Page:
Clearly there are already different answers to this. In fact the different answers are indicative of the problems of Buddhist karma. I've published two articles which touch on this question:
Did King Ajātasattu Confess to the Buddha, and did the Buddha Forgive Him? Journal of Buddhist Ethics. Vol. 15, 2008.
Escaping the Inescapable: Changes in Buddhist Karma. Journal of Buddhist Ethics Vol. 21. 2014.
The main point of the 2014 article is that the theory of karma changes over time. I trace one particular major change from the earliest records into the later records (and add some more speculative thoughts on the origins of karma theory).
Early Buddhists believed that karma must ripen no matter what. There is no escape from the consequences of one's actions. On the whole one's actions ripen as rebirth (punabhava). A few of them might ripen in this life as vedanā or sensations, and a few in subsequent lives (as rebirth or sensations), but most of them go to conditioning the next life. At least one Pāḷi sutta, Karajakāyasuttaṃ (AN 10.219; v.299-301), claims that in causing rebirth all unripened karma comes to fruition and we start each life with a clean slate. Though typically early Buddhists allow for karma to come to fruition after many lifetimes.
The only light in this picture is that through religious practices one can make oneself less vulnerable to the ripening of karma in this life (whether it was caused in this or a previous life).
However this changes. We begin to see more possibilities in the Theravāda Abhidhamma which invents a new kind of karma - upapīḷakakamma "counteracting karma - which can counteract or suppress the ripening of karma. Buddhaghosa, the great 5th Century father of Theravāda orthodoxy, is clearly still in the "Karma must ripen" camp.
For Mahāyāna Buddhists there are a whole range of religious practices one can do, including confession and dhāraṇī chanting, that can mitigate the effects of karma ripening, or even eliminate karma completely. Many of these are listed in the Śikṣasamucaya, a sūtra compilation by Śantideva (ca 7th or 8th century)
The difference is epitomised in the story of King Ajātasattu (2008) as found in the Samaññaphala Sutta. Having killed his father Ajātasattu experiences some uneasiness and goes to see the Buddha. After telling the Buddha what he has done and promising to be good from then on, the king leaves. In the Pāḷi version of the story the Buddha turns to the monks and says "Well, he's done for". Having killed his father even meeting the Buddha is not enough to save him. And indeed the commentaries say he went to Hell when he died. In the later retellings of this same story (ca. 4th-6th centuries) in Sanskrit and Chinese however, the king is miraculously saved by his meeting with the Buddha. The whole attitude to karma and how and when it ripens has changed. Karma is no longer inevitable.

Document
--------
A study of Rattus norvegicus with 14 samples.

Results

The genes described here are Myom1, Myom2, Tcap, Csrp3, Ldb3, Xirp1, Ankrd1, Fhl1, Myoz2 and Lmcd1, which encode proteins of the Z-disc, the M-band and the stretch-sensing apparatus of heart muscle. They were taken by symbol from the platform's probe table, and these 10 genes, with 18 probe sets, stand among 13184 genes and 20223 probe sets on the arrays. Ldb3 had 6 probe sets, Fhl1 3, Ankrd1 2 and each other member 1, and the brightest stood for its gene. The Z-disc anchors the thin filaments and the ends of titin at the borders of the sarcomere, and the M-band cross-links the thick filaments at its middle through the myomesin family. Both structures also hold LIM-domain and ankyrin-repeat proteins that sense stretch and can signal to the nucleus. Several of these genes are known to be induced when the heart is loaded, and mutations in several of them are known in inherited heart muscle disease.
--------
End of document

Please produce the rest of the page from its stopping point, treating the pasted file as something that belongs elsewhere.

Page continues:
The early Tantras, particularly the Sarvatathāgata-tattvasaṃgraha, take this to its apotheosis by introducing the 100 Syllable Vajrasattva Mantra (see also my Western Buddhist Review article on this mantra). This mantra, when chanted, is supposed to clear away any unripened karma, even of the most serious kind. Chanting it purifies all karma. Chanting it 100,000 times is a common prerequisite to receiving a Tantric initiation. Although it is interesting to note that at least one Tibetan group seems to be teaching the old story of inescapable karma.
Clearly there is no single "Buddhist" view on this question. Karma undergoes many changes over time and a number of mutually exclusive karma theories survive in the present. That said, I have yet to find any documented Buddhist teaching which suggests that karma will "balance out" in a single lifetime. The whole point of karma is that it is the mechanism that drives rebirth. And while many modernist Buddhists are dismissive of karma and rebirth, history shows that it was almost always a priority for historical Buddhists - I have informally written about a number of doctrinal changes in which the supposedly fundamental theory of dependent arising is modified to make for a better karma theory.
We also see that modernist Buddhists are apt to delude themselves about traditional Buddhist teaching. Buddhist ideas often suffer from ad hoc changes to bring it into line with psychology or modern views on rights for example. Rather than reject concepts which conflict with our values, we tacitly (perhaps even unconsciously) alter them to fit and then claim that this is what the Buddha intended.